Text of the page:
Saturday, January 10, 2009

America's Most Literate Cities

I was tipped off to this by Gwen at Literary License: The annual rating of America's Most Literary Cities has been announced. Where does your city [or the closest city to you] rank?

1. Minneapolis, MN
2. Seattle, WA
3. Washington, DC
4. St. Paul, MN
5. San Francisco, CA
6. Atlanta, GA
7. Denver, CO
8. Boston, MA
9. St. Louis, MO
10. Portland, OR
11. Pittsburgh, PA
12. Cleveland, OH

Cleveland is the closest city to me and I'm glad to see it rank so highly on the list. It also ranks #1 in Libraries! We are #9 in Booksellers, #8 in Newspapers and #6.5 (tie with Atlanta) in Publications, but a disappointing #68 in Education and #45 in Internet Resources.

I found this statement in the Overview of the study to be particularly interesting:

First, a point commonly made about the decline of newspaper circulation is that it is caused by the rise of reading newspapers online. The conventional wisdom here is similar to the claims about the decline in bookstores: it’s caused by the rise in online book buying. And that is the same conventional wisdom that, pre-internet, claimed that library use and support of bookstores were mutually incompatible. More free book sources would be associated with fewer bookstores. And in all cases, the conventional wisdom is wrong. As the data for this and previous surveys indicates, cities ranked highly for having better-used libraries also have more booksellers; cities with more booksellers also have a higher proportion of people buying books online; and cities with newspapers with high per capita circulation rates also have a high proportion of people reading newspapers online. Cities that rank highly in one form of literate behavior are likely to rank highly in the other forms and practices of literacy. A literate society tends to practice many forms of literacy not just one or another.
I find it amusing that someone would think that library use and support of bookstores would be mutually exclusive. Certainly the person who came up with that bit of "conventional wisdom" didn't know anyone who loved books! I am a familiar face at my local library, I buy books at my favorite local bookstores, I read books online and I buy books online. The same is true for all the booklovers I know. They may buy/borrow books in relation to their budget, but one hardly ever cancels out the other.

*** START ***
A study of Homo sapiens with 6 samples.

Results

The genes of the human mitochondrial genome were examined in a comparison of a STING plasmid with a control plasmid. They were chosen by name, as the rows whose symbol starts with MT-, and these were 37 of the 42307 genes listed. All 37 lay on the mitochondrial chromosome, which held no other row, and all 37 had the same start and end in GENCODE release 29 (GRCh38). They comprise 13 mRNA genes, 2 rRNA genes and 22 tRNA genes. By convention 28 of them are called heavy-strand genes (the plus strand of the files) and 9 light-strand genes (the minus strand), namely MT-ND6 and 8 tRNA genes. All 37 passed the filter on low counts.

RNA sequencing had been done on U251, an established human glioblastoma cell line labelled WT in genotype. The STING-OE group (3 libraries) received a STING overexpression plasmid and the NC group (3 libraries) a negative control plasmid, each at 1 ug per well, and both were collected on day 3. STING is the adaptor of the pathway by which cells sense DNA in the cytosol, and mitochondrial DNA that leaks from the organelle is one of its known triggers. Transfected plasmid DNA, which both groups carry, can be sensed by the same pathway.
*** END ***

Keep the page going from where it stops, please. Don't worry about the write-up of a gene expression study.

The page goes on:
It's nice to think that I live near a pretty literate city. I am not optimistic about the future of our local newspaper, but I know that the bookstores and libraries will always be there.


Lenore Appelhans said...

Cool article. I am drawn to any place that has books too!

jas faulkner said...

Same here, Lenore. I think most book lovers are. Sounds like that reporter might think of libraries as places to go for homework.

Antonette said...

Cleveland is also the closest city to me (although by a few hours one state away). Interesting article.

By the way, thank you for the yarn and ornament! I'll post a picture once I create something with it!

Kaye said...

hmmmm ... no place in FL, interesting.

Anonymous said...

Wow…. Wow.. Thank You!!!!

Anonymous said...

Sad to see that baltimore is only #16, but we're headed in the right direction. Last year we were #27! I hope the Read Street blog will help boost the local literary scene.

Kelly said...

Eh..I live in southern California, and as we all know, its not about reading the books here. Its about taking a wonderful book, rewriting it, editing it, and squashing it into a 2 hour time frame for a movie, that bears the same name. And yet bears no other resemblance to the book. Oh and reality tv. Another nail in the coffin of So. Cal. literacy! ;o)

Bonnie said...

I missed this info. I am closest to Cleveland also and was so glad to see them at #12.